Spectrum will be producing content on The Shaft from now until housing selection in early April. We think we’ve got a lot of the issues covered, but if at any time you have questions about The Shaft or housing selection at Barnumbia, let us know and we’ll do our best to cover it.
Housing registration—and the associated anxiety and (possible) joy—is finally upon us.
Spectrum is aiming to lower Barnumbians’ housing stress. If you’re still wondering whether hall or suite life is right for you, take our quiz. Then, once you have your housing group size (which, at Barnard, you can continue to play around with up until housing selection), check out the options that exist for you.
Group of one
Seniors will be trying for Sulz Tower (obv). Along with juniors, they’ll also be looking for 110 studios.
Sophomores seeking to reach the highest level of adulting by living on their own can find a home in a Hewitt or Elliott single. Keep in mind, though, that all those who live in Hewitt must get the quad dining plan (as a minimum).
Group of two
Seniors and juniors with good lottery numbers can choose into one of 600’s E suites (a double with its own kitchen and bathroom) or a studio double in 110. A few incredibly lucky senior besties can book adjoining singles in Sulz Tower.
Sophomore or junior besties looking to live together can try for a double in Hewitt (for some quad vibes) or Elliott (for some bunk-bed camp vibes).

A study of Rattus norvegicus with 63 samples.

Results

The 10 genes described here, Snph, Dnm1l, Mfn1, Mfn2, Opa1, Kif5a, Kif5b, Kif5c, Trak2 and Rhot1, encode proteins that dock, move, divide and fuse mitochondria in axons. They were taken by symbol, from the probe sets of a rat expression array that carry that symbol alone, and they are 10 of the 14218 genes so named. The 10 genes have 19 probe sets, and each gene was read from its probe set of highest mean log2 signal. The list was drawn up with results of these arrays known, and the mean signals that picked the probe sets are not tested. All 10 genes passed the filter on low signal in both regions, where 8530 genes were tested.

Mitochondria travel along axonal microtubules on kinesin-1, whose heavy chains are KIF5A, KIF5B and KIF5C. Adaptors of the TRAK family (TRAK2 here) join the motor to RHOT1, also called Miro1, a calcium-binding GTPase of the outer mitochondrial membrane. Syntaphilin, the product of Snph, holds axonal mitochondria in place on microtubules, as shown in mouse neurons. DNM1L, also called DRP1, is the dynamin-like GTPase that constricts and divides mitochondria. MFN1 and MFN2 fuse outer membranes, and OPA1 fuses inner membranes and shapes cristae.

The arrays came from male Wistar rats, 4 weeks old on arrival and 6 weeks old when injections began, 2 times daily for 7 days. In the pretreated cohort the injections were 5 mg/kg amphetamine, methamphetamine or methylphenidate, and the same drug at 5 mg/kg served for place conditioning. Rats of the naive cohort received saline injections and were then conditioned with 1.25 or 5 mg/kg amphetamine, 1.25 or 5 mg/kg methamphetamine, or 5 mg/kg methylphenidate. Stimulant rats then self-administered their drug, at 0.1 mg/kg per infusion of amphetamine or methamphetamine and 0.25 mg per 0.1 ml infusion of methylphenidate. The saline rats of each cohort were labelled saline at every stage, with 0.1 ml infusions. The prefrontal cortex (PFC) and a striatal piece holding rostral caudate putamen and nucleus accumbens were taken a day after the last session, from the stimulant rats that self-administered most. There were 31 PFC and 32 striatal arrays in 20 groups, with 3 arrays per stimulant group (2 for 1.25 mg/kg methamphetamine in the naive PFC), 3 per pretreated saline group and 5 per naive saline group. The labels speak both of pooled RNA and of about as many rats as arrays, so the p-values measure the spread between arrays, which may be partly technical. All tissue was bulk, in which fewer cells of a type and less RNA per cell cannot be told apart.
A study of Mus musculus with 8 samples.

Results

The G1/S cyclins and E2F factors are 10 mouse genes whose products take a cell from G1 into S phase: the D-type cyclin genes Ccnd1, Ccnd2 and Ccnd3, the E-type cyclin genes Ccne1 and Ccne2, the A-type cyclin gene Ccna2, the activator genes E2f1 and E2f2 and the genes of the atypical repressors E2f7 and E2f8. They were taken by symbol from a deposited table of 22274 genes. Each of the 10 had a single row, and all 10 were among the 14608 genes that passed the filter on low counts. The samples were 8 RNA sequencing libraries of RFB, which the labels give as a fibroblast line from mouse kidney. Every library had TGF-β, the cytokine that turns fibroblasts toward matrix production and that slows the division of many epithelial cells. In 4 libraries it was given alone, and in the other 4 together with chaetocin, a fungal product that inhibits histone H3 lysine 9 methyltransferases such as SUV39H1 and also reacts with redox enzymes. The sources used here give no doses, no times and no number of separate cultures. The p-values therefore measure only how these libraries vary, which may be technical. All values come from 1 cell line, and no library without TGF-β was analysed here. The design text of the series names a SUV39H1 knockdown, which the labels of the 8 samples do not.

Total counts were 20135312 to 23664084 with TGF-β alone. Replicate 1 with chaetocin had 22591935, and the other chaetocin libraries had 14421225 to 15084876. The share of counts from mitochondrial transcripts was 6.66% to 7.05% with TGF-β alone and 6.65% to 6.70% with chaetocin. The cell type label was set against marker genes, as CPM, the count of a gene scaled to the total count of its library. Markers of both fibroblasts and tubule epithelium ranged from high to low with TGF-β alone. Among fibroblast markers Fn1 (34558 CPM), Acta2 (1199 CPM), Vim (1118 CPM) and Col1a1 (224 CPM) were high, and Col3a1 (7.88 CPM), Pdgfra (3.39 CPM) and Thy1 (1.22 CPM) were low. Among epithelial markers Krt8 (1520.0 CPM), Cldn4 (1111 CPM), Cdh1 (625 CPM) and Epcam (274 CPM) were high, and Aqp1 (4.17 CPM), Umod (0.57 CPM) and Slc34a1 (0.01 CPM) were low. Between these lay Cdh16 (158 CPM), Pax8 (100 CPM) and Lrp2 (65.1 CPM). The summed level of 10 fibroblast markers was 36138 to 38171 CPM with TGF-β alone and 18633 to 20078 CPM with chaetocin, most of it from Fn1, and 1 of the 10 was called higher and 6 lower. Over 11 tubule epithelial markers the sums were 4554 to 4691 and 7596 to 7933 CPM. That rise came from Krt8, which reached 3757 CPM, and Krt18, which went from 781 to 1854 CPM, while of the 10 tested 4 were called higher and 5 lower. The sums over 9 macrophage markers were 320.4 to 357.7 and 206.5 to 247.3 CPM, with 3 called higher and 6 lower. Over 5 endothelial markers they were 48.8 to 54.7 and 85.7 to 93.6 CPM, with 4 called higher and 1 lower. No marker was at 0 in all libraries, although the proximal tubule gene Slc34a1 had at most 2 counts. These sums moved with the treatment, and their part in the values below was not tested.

Group of three
It’s plausible for seniors, juniors, and sophomores to pick into studio triples or three-person suites in 110. For upperclassmen (or sophomores with really good lottery numbers), there’s always the possibility to pick into adjoining singles.
Group of four
Options start multiplying when you get to groups of four. In terms of hall life, four represents the limit for friends choosing adjoining singles.
For suite life, seniors and some lucky juniors will fill up the 600’s C suites for two doubles, or 620’s C and D suites on and above floor five with the great option of four singles. Juniors also have goods chances of getting into the four-person Cathedral Gardens B and F suites.
Meanwhile, sophomores may be able to get a four-person suite (two doubles) in 110.
Group of five
Senior groups of five are likely to snatch up the all-single five-person suites in 620 and 616.
Sophomore groups of five with good lottery numbers can look to 616’s D and 620’s 1C suites, while juniors can also snag these, along with 600’s 4F and Cathedral Gardens’ G suites. Additionally, 110’s 4N, 8N, and 10N suites have a triple and a double and are usually some of the last rooms chosen.
Group of six
Most Barnard suites are six-person, so the options here are really good. Seniors and juniors have good chances for 600’s B, D, and F suites, 616’s A, B, and C suites, and 620’s 1A, C, and D suites below the fifth floor.
Sophomores and those looking for housing further from campus can snag Plimpton suites and 110’s R suites.
Group of seven
Barnard has only six seven-person suites. Seniors can grab 620’s 2A, 4A, and 4B, as well as 600’s 3A, 5A, and 11A suites. May the force be with you.
Though terms like “The Cage” conjure up images of terrifying choices and stressful situations, try to keep an open mind as housing selection approaches. You might just end up happily surprised.
Mariella Evangelista is a Barnard first-year and a Spectrum staff writer. After living in Brooks Hall this year, she will just be grateful for running water next year. Reach her at email@example.com.